Compared to other countries, the United States system of healthcare is considered to be complex. The U.S. does not provide universal healthcare for its citizens. Instead, there are a number of private and public institutions in place which pay for the healthcare of U.S. citizens. This post will provide a basic understanding of the U.S. healthcare system for those interested in practicing medicine in the U.S.  

While the U.S. does not have a national healthcare system, there are private and public options. For those who can afford private healthcare, health insurance is an option. Health insurance companies are considered payers. They pay for the healthcare of the insured. Insurance companies have networks of physicians, hospitals, and clinics which subsidize payments for the insured.

On a healthcare insurance plan, people pay a fee each month to ensure coverage while the insurance company pays for the rest. Visiting a doctor that is not included in the insurance network might require you to pay more out-of-pocket. Physicians, hospitals, and clinics are paid through the insurance companies. Often, there is a lot of documentation involved. Health insurance ensures people can go to the doctor, receive preventative or emergency care whenever they need it at a reasonable cost.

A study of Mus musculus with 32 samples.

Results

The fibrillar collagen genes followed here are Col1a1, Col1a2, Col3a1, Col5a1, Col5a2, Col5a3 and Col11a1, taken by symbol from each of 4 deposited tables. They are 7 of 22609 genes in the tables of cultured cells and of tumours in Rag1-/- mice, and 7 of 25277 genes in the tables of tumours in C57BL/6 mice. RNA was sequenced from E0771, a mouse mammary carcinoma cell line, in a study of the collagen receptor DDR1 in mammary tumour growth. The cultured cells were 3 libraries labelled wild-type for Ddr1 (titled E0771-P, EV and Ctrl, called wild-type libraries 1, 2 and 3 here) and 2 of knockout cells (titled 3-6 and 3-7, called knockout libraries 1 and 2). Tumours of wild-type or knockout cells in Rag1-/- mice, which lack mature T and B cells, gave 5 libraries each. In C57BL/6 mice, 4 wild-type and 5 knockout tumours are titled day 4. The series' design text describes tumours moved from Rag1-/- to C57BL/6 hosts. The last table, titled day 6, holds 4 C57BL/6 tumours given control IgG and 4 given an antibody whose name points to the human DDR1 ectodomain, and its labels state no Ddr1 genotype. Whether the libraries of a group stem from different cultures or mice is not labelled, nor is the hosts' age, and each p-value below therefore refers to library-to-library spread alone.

Many employers provide health insurance for their employees. Employers can subsidize the cost of a plan or pay for it in full.  

While there is a large population of Americans who have private insurance, there are still many without access to health insurance. According to the 2007 U.S Census, almost 46 million people lack health insurance. Government-funded programs like Medicare and Medicaid provide funding for these individuals although coverage and options may be less extensive when compared to that of private insurance plans.

30% of the population is covered by Medicare and Medicaid programs. Medicare is a national, government-funded social insurance program for seniors 65 years old or older and for some people with disabilities. Medicaid is a state-based insurance program for people with low income.  

Medicare consists of four parts: A, B, C, and D. Medicare Part A provides hospital insurance. Medicare Part B provides medical insurance. Medicare Part C is a private insurance option where private companies offer services approved by Medicare.  Medicare Part D is an outpatient prescription drug program that subsidizes payment. People can opt in or out of the different parts depending on their needs.  

Medicaid is partially funded by the federal government and states. While the federal government sets broad standards for Medicaid, states have control over eligibility. The services provided by Medicaid vary.

While the U.S. healthcare system is complex, an awareness of its institutions and players is key to understanding the dynamics. IMGs can read up on the healthcare system before coming to the U.S. to understand what to expect in their U.S. clinical experience.  

Want to learn about the US healthcare system first hand? Apply for a clinical rotation with AMO today!